Monthly Archives: July 2012

Well, here’s some well informed thought…

I’m going to put my own two-cents into this soon; but for the time being; here’s some qualified voices adding to the conversation…


Yeah, the Kinect is cool; but not for the Reason Microsoft Wants






Rob Fahey, veteran game journalist, talking about how Polytron refuses to patch Fez on XBLA – via Kotaku

I guess being cute isn’t everything….


I want to start this off by saying one thing;

Spec Ops: The Line is not a bad game. I might even be inclined to say it is better than many others that infest the “shooter” genre.  Of course, that’s not to say I wasn’t disappointed with it.




It’s like he’s welcoming the bullet with open arms…


Spec Ops is a game that wants you the think about what you are doing; and to care about the narrative.  Caring about the story beats in a game is hard enough; compound that with it being a shooter and shackled with those game mechanics and you can see where this can start to seem difficult.  What makes Spec Ops so tragic is that fact that it almost does it. Almost.


The doesn’t need to be explained in its entirety to see the problem.  You follow Cap. Walker and his squad as they work their way through Dubai; slowing watching everything spiral out of control as they search for answers and the enigmatic Gen. Conrad.  It is obvious from the beginning that the game designers pull heavily from darker war movies like Apocalypse Now and others like it; and that they want you to be an active part in this narrative experience.  As the situation progressively gets worse and worse; the game forces the player to do more and more heinous acts to further their own goals.  This climaxes, to an extent, when the player is forced to burn the enemy soldiers alive; and in the process kill a large group of civilians .  It is a truly dark moment in a game that is full of dark moments; and that it where it struggles.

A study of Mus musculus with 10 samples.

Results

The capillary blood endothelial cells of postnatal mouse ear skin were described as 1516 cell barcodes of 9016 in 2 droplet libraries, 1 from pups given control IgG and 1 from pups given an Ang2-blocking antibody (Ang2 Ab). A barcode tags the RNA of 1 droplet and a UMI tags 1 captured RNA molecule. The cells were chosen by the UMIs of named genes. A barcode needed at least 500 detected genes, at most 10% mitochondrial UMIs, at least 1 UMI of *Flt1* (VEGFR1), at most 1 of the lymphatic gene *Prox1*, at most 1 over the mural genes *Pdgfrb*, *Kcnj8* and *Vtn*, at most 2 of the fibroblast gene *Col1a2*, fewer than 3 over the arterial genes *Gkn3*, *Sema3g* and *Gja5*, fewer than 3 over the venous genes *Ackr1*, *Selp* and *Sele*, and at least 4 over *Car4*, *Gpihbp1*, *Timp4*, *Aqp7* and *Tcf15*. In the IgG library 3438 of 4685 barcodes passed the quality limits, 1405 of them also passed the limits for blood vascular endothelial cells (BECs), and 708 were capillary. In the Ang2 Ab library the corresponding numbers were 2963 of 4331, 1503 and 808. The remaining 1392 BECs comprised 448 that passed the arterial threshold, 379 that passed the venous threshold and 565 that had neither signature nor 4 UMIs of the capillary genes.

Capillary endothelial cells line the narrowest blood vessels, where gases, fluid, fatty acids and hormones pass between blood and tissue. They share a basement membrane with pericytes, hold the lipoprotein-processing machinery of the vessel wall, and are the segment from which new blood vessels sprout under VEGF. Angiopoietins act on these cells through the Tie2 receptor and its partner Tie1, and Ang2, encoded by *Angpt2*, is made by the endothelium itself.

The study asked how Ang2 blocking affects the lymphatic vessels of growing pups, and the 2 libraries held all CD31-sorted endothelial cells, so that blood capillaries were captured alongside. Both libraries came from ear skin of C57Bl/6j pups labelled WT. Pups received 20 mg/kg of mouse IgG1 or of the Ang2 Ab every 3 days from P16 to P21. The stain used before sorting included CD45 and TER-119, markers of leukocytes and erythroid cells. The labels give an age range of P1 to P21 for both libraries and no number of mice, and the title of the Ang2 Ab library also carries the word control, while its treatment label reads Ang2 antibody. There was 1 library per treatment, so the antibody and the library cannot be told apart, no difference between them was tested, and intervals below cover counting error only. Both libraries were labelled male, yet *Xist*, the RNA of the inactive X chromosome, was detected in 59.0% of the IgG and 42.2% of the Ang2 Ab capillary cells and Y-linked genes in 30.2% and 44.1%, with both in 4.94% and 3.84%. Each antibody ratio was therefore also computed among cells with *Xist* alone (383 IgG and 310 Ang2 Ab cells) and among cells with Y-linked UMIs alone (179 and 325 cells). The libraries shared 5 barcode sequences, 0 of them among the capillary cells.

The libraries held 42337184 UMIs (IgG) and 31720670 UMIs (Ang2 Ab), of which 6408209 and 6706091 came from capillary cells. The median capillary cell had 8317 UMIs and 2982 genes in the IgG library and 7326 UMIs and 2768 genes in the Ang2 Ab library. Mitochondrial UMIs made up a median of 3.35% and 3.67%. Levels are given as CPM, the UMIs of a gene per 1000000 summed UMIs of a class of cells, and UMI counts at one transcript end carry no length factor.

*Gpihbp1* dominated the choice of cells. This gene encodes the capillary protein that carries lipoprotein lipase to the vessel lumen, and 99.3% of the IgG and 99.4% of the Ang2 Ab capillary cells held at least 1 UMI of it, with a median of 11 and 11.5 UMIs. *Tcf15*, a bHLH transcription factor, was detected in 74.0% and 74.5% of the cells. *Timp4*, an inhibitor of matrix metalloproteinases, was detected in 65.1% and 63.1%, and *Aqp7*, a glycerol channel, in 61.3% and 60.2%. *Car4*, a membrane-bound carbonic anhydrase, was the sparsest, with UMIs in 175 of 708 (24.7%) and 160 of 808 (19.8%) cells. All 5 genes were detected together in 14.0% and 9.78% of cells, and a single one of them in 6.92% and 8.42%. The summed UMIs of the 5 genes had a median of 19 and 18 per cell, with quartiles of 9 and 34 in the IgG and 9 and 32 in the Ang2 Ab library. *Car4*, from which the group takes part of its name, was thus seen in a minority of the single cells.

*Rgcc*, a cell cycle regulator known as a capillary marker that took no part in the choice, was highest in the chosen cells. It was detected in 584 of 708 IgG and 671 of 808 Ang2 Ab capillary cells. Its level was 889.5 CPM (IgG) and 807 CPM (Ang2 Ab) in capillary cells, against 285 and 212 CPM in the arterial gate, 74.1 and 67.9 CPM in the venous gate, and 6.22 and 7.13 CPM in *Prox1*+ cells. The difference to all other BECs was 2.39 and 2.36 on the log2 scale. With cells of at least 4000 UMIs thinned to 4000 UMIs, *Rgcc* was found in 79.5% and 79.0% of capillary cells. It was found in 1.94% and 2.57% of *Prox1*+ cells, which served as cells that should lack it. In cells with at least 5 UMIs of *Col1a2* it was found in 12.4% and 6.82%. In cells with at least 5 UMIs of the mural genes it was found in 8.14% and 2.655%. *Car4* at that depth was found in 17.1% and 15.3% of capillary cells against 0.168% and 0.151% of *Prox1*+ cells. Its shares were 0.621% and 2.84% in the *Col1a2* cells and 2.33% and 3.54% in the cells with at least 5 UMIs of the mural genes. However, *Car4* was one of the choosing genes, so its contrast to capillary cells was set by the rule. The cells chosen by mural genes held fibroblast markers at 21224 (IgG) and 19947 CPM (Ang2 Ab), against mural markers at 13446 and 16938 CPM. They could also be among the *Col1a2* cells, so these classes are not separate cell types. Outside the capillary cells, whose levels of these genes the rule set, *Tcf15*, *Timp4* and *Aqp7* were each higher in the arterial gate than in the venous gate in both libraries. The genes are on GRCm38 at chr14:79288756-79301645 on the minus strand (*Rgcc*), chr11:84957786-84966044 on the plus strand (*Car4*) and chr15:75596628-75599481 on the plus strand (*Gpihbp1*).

That’s a fellow American that you just burned alive….do you care?



Spec Ops is a dark game with incredibly mature themes; and for that I applaud it, but it needed to be something more; it wanted to be something more.  Never once in the game do you see your squad happily bantering; you never know what life was like for these guys before there were metaphorically sent into hell.  Part of what makes those darker war movies work are those moments of “down time,” to let you know that maybe these men are not monsters, that they are indeed human.  It is that humanization of these characters that not only makes you care about them; but causes the view to relate to them as well.  From the very get go in Spec Ops, nothing is good and it never lets up.  These characters are never given a chance to resonate with the player.  We are supposed to care about Walker’s mental stability, and the lives of his squadmates; but without the requisite characterization; these soldiers just fall into “dude-bro” stereotypes that we see all the time in the genre.   Thus, when these intense moments arrive ; the player feels nothing.  You see it on the screen; acknowledge that darkness; but you don’t feel the emotion that game striving for you to achieve.


In the end; I still think that you should play the game.  The fact is; any game that creates this sort of discussion is worth checking out.  Gaming is growing up; and Spec Ops is sure sign of that growth; yet it is also an example of how we are not there yet.  I think we are on the cusp of something amazing in our chosen medium. Games like The Last of Us, Beyond: Two Souls, and the new Tomb Raider are looking to push that envelope and give us some of the first truly “mature” games.  That’s not to say that they will reach those heights; or that they will be good, but again; the fact that this is happening at all can only be a good thing.